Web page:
Word nerds (like me) usually look askance at most tomes on writing and language.

Oh, occasionally something like the best-selling "Eats, Shoots and Leaves" catches our collective fancy, but that was merely an amusement, a momentary distraction.

Genuine lingo gringos unfailingly poo-poo prosaic word books as beneath them (or us). Unless it's our go-to tome — the Associated Press stylebook or "The Chicago Manual of Style" — why bother?

Here's a look at the latest edition of one of them and a recent would-be contender.

"2010 Stylebook and Briefing on Media Law 2010" by the Associated Press; Basic Books, 465 pages ($18.95)

This resource is used in newspapers throughout the English-speaking world as an authority on usage, punctuation, abbreviation and more. It's also a fixture in the dens and cubicles of Anglophone business writers and other scribblers throughout the planet seeking authoritative guidance in their use of language for legal writing, ads and marketing communications material.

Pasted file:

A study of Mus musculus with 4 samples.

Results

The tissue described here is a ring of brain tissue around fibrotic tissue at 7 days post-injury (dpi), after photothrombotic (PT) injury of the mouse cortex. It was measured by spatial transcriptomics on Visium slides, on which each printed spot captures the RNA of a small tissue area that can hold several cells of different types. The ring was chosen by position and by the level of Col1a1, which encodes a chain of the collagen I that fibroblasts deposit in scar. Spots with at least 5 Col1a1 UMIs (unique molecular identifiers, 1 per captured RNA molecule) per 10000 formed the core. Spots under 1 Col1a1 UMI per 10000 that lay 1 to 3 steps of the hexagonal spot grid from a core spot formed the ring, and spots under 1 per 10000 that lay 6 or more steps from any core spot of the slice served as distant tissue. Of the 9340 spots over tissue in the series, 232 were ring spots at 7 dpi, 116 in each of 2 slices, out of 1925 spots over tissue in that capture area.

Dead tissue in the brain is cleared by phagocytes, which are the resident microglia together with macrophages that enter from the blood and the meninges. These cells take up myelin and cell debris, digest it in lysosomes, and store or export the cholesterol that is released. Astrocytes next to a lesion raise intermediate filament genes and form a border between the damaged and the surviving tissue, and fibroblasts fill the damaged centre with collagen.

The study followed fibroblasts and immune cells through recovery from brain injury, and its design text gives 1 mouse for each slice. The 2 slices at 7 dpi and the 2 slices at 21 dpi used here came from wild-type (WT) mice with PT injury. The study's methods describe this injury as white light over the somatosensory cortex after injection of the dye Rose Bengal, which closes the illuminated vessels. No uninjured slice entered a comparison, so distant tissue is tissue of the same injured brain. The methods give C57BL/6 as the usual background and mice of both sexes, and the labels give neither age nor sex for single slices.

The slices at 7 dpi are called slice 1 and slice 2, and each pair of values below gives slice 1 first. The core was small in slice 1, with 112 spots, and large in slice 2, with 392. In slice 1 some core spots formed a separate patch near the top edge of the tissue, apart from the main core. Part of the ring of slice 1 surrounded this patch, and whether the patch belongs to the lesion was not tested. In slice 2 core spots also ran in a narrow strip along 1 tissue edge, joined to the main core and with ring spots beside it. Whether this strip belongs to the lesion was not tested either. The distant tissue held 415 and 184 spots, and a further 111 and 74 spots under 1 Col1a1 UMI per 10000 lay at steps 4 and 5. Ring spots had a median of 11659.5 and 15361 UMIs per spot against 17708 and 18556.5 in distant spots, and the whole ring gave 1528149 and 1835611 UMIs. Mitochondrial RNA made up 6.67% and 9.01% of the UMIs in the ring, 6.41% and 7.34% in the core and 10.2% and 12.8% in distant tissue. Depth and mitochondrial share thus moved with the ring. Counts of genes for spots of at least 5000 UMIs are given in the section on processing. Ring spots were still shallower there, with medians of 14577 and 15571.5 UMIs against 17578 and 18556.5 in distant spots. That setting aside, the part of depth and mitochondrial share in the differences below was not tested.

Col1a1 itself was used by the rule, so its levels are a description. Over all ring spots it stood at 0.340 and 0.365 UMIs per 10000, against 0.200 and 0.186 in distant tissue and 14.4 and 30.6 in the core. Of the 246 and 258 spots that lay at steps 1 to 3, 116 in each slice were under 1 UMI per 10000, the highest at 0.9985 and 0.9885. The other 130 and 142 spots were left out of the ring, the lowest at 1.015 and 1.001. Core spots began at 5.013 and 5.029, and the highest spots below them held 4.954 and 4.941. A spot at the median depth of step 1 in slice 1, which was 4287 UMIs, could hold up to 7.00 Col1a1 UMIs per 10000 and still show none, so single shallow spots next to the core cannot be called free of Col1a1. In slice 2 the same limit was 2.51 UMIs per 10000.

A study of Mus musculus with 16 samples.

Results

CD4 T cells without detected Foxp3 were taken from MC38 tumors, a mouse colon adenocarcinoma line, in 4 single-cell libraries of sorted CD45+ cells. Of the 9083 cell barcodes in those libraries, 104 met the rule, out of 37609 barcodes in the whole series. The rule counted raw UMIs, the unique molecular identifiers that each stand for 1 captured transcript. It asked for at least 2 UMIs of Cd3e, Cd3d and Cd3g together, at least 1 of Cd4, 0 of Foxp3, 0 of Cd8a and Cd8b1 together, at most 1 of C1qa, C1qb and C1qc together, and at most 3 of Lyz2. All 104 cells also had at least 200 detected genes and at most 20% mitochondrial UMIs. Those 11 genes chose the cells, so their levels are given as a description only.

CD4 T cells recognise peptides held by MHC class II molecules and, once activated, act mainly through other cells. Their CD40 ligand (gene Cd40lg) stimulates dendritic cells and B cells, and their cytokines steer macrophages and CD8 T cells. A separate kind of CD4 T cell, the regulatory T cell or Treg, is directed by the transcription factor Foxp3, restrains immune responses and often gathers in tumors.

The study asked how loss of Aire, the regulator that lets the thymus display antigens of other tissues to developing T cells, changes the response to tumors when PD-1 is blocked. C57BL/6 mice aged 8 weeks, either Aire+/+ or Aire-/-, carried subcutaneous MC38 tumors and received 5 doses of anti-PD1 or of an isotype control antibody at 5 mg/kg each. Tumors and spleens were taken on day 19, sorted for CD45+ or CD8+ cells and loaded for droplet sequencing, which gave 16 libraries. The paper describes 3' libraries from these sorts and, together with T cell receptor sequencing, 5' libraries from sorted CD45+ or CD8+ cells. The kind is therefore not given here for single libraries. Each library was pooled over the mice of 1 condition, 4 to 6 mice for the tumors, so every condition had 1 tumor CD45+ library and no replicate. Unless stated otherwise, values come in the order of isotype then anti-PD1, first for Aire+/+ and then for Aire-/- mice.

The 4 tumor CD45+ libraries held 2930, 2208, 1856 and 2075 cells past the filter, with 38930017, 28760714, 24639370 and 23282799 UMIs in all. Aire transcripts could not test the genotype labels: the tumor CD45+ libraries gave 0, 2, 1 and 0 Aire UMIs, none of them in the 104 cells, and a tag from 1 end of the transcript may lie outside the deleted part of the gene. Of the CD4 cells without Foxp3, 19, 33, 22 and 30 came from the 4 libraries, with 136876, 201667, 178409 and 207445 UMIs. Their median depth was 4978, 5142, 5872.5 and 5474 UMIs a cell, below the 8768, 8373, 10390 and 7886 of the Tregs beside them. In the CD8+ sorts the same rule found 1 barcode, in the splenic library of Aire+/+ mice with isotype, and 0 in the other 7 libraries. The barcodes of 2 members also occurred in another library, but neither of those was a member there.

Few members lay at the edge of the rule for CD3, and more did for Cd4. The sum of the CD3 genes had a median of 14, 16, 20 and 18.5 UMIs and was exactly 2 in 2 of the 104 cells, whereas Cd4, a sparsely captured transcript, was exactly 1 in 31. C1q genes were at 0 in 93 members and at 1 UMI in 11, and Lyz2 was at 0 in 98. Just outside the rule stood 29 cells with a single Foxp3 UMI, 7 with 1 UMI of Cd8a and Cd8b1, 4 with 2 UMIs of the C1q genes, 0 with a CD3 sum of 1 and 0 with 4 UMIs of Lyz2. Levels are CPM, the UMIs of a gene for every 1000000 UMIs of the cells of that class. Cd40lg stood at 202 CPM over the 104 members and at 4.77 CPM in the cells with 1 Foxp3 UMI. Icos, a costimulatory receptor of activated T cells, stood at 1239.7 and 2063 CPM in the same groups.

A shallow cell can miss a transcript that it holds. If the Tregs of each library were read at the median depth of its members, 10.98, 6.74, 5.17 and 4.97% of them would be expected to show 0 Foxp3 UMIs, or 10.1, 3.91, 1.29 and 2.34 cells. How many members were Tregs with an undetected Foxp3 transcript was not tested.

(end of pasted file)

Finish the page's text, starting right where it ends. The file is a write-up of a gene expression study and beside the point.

This new edition of the Stylebook is also available online (by subscription, with site licenses and individual deals, too.) In addition, an application — a recent addition to the Stylebook, apparently — for iPhones, iPads and iPods is also offered. These electronic versions afford immediate access to updates, so if the AP ever decides to allow "Internet" in lowercase, subscribers will be the first to know.

"The Yahoo! Style Guide: Writing and Editing for the Web" by Chris Barr; St. Martin's Press, 528 pages ($21.99)

Though Google rules search, Yahoo's strategy of providing actual content as part of its souffle of search and aggregation is still in place. As such, they've become a bit of an authority on content creation, and their style guide is a very nice grab bag of tools, ideas and instructions. A lot of it is Copywriting 101-level fare. It's a far cry from AP's no-nonsense journalism, but even the most recalcitrant newshound will admit that writing for the Web requires a sharp, punchy prose style that's more tabloid than Times, though accuracy and clarity still reign. It might be less hyperbolic than copywriting, but it still needs to sell — itself, at the very least.

For many writers, this style guide won't be anything new and it's certainly no replacement for AP's collection of golden standards, but for neophytes and others, this is a fine course.